For North Dakota, none of the top-ticket Democrats is among the state’s 27 delegates at the convention.
It’s similar across the country, where a slew of prominent party leaders and Democratic candidates have opted out of this week’s ceremonial festivities during which President Barack Obama will accept his party’s nomination for re-election.
Retiring U.S. Sen. Kent Conrad is the political figurehead of the North Dakota delegation, which otherwise includes a few state legislators, some legislative hopefuls and other party backers.
Heitkamp has gotten the most attention, though, since she praised Obama at the 2008 DNC and Republicans are eager this year to cast her as a Democratic ally.
Heitkamp first said in June she wouldn’t be attending the DNC, and her campaign reaffirmed her reasons Tuesday.
“Heidi made the decision months ago not to attend the DNC because she has always felt that it is more important for her to stay in North Dakota and talk to the voters in this state about the issues that concern them,” spokesman Liam Forsythe said.
Forsythe said Heitkamp’s schedule this week includes meetings with legislators, multiple media appearances, the UTTC International PowWow and her first of three debates against Republican Rep. Rick Berg, which is today in Bismarck.
Republicans argue Heitkamp’s absence at the DNC is a disingenuous attempt to appear independent from the national party.
“Regardless of what Heitkamp says, she is just like national Democrats,” said Lance Trover, a spokesman for the National Republican Senatorial Committee. “Heidi Heitkamp not attending the DNC doesn’t mean she’s not supporting Barack Obama’s way of big government.”
Heitkamp isn’t the only major candidate who previously campaigned for Obama but is now deciding not to back him in person at the DNC.
Missouri Sen. Claire McCaskill, West Virginia Sen. Joe Manchin, Montana Sen. Jon Tester and Arizona Senate candidate Richard Carmona are also staying in their home states this week to campaign in their own races.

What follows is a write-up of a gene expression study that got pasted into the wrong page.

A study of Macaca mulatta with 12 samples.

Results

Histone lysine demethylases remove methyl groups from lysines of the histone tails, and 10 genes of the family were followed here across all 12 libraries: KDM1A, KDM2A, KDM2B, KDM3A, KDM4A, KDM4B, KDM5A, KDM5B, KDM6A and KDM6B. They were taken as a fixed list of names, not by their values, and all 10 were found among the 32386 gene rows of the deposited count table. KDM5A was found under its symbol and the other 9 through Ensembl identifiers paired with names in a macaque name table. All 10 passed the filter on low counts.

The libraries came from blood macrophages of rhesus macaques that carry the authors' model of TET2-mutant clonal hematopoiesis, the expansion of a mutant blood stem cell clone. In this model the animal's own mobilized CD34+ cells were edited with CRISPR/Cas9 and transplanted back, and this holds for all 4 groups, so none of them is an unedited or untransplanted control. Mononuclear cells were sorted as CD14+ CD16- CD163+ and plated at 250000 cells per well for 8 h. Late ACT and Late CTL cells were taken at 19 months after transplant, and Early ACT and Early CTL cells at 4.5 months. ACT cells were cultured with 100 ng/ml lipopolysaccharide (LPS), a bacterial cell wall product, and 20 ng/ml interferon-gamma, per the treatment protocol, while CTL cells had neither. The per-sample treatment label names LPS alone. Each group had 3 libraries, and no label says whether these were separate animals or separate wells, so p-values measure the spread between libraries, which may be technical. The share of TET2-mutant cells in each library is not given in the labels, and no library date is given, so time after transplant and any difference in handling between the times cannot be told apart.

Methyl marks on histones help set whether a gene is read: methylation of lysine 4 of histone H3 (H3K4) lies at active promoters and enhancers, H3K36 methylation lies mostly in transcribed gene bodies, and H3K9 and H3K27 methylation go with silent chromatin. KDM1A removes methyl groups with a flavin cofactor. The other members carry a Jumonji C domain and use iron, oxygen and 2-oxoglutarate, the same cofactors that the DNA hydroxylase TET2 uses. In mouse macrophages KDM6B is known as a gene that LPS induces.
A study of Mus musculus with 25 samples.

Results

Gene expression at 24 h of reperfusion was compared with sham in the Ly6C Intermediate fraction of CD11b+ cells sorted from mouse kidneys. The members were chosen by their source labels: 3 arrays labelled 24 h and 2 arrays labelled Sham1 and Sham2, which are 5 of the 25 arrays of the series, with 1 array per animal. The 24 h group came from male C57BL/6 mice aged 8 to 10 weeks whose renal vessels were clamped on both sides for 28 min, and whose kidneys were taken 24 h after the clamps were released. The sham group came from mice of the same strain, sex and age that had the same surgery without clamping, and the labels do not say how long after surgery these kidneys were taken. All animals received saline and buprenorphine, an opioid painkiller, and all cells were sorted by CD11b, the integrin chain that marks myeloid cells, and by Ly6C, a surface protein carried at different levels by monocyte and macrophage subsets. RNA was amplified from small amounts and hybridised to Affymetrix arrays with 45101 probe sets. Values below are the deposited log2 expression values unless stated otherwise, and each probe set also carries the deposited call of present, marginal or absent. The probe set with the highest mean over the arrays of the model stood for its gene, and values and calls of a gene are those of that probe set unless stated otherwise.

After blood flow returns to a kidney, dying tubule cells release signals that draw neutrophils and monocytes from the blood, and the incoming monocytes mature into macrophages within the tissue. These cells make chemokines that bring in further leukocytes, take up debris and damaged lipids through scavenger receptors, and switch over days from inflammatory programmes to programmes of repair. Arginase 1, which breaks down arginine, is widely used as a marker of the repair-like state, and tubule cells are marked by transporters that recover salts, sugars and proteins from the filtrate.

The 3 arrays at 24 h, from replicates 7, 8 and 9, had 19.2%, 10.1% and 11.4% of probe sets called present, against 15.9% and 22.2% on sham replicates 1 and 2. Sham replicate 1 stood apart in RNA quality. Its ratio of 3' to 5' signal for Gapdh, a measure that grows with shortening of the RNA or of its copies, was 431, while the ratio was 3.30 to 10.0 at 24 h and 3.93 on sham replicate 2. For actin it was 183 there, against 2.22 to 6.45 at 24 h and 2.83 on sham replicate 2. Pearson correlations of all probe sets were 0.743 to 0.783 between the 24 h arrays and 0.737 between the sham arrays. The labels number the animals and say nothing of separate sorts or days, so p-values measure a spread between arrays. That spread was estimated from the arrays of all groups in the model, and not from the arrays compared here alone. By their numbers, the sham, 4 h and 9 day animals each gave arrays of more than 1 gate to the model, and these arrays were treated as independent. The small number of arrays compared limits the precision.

Like Heitkamp, both Gulleson’s and Taylor’s campaigns said busy schedules and meetings with North Dakota voters are keeping them at home this week.
Along with the U.S. Senate debate today, North Dakota’s U.S. House and gubernatorial candidates will also debate in Bismarck.
Earlier this summer, Gulleson spokeswoman Hillary Price said attending the DNC was “never in the plans.”
“Pam is focused on meeting with as many North Dakotans as possible and doing events in the state,” Price said Tuesday.
Taylor campaign manager Libby Schneider said: “Ryan didn’t get into this race to go on out of state trips or because he likes politics; he got into this race for governor because he loves North Dakota.”
“North Dakota is where Ryan chooses to spend his time, and this is where he wants to be,” she said.
Minnesota Public Radio reported Tuesday that Sens. Al Franken and Amy Klobuchar will be in Charlotte this week, but among those notably absent from Minnesota’s DNC delegation is Rep. Collin Peterson, who represents the 7th Congressional District.
Nationally, other top Democrats who aren’t attending the convention this week include former Vice President Al Gore and 2008 presidential hopeful Hillary Clinton, according to ABC News.
As secretary of state, federal law prohibits Clinton from participating in political activities.